Reading Visual Text


A presentation of Walter Werner's 2002 article titled Reading Visual Texts published in Theory and Research in Social Education


  • Reading Visual Text
    A review of Walter Werner’s 2002 article in Theory and Research in Social Education
  • Call to use students’ agency to enhance visual reading
    Active and critical capacities to understand and know
    Framed by the Birmingham tradition of Cultural Studies
    Movement rooted in Marxist thought and informed by the work of Antonio Gramsci
    Cultural hegemony
  • Peter Seixas’ call for centering social education around cultural studies
    What does this image tell us about Lincoln the Emancipator?
    "The Coming Man's Presidential Career, à la Blondin" by Jacob Dallas. Harper's Weekly, Aug 25, 1860, p. 544
  • Three conditions for reading visual texts
    Authority
    Opportunity and Capacity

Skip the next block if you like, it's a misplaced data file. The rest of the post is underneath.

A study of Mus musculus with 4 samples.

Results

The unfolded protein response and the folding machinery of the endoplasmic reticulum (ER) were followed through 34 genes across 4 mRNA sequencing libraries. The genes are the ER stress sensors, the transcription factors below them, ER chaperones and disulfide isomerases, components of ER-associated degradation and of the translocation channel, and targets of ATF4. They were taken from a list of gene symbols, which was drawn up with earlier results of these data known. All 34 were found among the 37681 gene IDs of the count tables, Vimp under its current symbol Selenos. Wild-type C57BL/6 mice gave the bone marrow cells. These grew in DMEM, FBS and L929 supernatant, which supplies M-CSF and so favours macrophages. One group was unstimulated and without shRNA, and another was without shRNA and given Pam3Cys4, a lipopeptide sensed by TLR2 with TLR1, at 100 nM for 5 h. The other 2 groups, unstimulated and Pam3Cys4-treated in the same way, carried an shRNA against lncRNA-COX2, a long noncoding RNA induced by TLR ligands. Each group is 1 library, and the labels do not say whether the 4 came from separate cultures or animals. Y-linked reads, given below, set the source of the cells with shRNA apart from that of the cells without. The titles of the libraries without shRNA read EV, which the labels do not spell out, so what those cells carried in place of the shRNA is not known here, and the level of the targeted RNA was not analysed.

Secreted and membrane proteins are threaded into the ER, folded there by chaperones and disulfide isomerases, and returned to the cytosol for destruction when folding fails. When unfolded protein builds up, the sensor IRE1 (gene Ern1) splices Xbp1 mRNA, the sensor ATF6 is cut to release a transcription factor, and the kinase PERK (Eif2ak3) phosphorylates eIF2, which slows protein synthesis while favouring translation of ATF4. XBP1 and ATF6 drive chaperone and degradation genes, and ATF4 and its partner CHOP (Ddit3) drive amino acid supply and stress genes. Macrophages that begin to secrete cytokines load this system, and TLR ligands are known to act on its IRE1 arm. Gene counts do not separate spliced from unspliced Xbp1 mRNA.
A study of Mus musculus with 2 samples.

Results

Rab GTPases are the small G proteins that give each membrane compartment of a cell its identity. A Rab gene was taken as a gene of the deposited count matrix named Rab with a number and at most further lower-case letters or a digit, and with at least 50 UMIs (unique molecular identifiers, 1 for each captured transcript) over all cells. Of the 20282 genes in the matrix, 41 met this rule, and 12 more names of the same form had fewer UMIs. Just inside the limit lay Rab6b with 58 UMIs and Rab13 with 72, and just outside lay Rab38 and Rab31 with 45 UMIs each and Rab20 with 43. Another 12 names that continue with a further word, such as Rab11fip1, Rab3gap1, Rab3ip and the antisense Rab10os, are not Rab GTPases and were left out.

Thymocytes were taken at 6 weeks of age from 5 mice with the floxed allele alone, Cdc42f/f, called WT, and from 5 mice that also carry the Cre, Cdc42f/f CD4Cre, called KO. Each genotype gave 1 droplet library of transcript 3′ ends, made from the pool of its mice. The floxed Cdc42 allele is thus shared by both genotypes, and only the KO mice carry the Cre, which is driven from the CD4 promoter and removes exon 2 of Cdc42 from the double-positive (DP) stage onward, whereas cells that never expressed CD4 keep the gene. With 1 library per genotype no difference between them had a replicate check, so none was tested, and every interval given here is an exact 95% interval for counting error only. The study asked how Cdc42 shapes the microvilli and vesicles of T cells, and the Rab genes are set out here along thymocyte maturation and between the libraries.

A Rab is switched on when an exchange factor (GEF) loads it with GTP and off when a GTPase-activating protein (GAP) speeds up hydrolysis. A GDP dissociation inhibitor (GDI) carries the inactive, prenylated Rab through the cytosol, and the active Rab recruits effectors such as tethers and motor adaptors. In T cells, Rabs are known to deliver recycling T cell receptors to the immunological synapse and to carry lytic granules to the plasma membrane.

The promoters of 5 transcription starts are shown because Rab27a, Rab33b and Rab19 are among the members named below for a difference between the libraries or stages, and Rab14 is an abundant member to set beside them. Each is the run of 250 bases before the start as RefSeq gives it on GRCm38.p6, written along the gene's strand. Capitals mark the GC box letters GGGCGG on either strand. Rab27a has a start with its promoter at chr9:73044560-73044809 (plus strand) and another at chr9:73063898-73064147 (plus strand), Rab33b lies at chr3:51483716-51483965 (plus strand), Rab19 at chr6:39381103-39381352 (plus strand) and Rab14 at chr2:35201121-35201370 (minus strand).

Community for Engaging
  • Authority
    “If students are to engage in multiple readings of an image, they need to be positioned as interpreters”
  • Open?
    Closed?
    Figure 1: “The Industrial Revolution.” Source: William McNeill, The Rise of the West: A History of the Human Community (Chicago: University of Chicago Press, 1963), 743. © by the University of Chicago.  All rights reserved. 
    http://www.bu.edu/historic/staley.html
  • Opportunity and Capacity
    “Multiple readings of images disturb taken-for-granted assumptions underlying “reading” itself (‘Why are different readings possible?’), and focus on the interplay between text and reader.”
  • Ways to Reading Visual Texts
    Instrumental
    Narrative
    Iconic
    Editorial
    Indicative
    Oppositional
    Reflexive
    Closed
    Resource
    Storyline
    Icon
    Editorial
    Index
    Positioning
    Mirror
    text as
    Open
  • Werner, 2002, p. 408
  • Instrumental
    Narrative
    Iconic
    Editorial
    Indicative
    Oppositional
    Reflexive
    Figure 3:  “Hammurabi’s Great Society.”  Source: Source: William McNeill, The Rise of the West: A History of the Human Community (Chicago: University of Chicago Press, 1963), 57. © by the University of Chicago.  All rights reserved. 
    http://www.bu.edu/historic/staley.html
  • Community
    “Multiple readings of images require a supportive classroom discourse (i.e., norms, beliefs, practices, and exemplars) that encourages student authority in reading, and provides ongoing opportunity to engage with multiple readings.”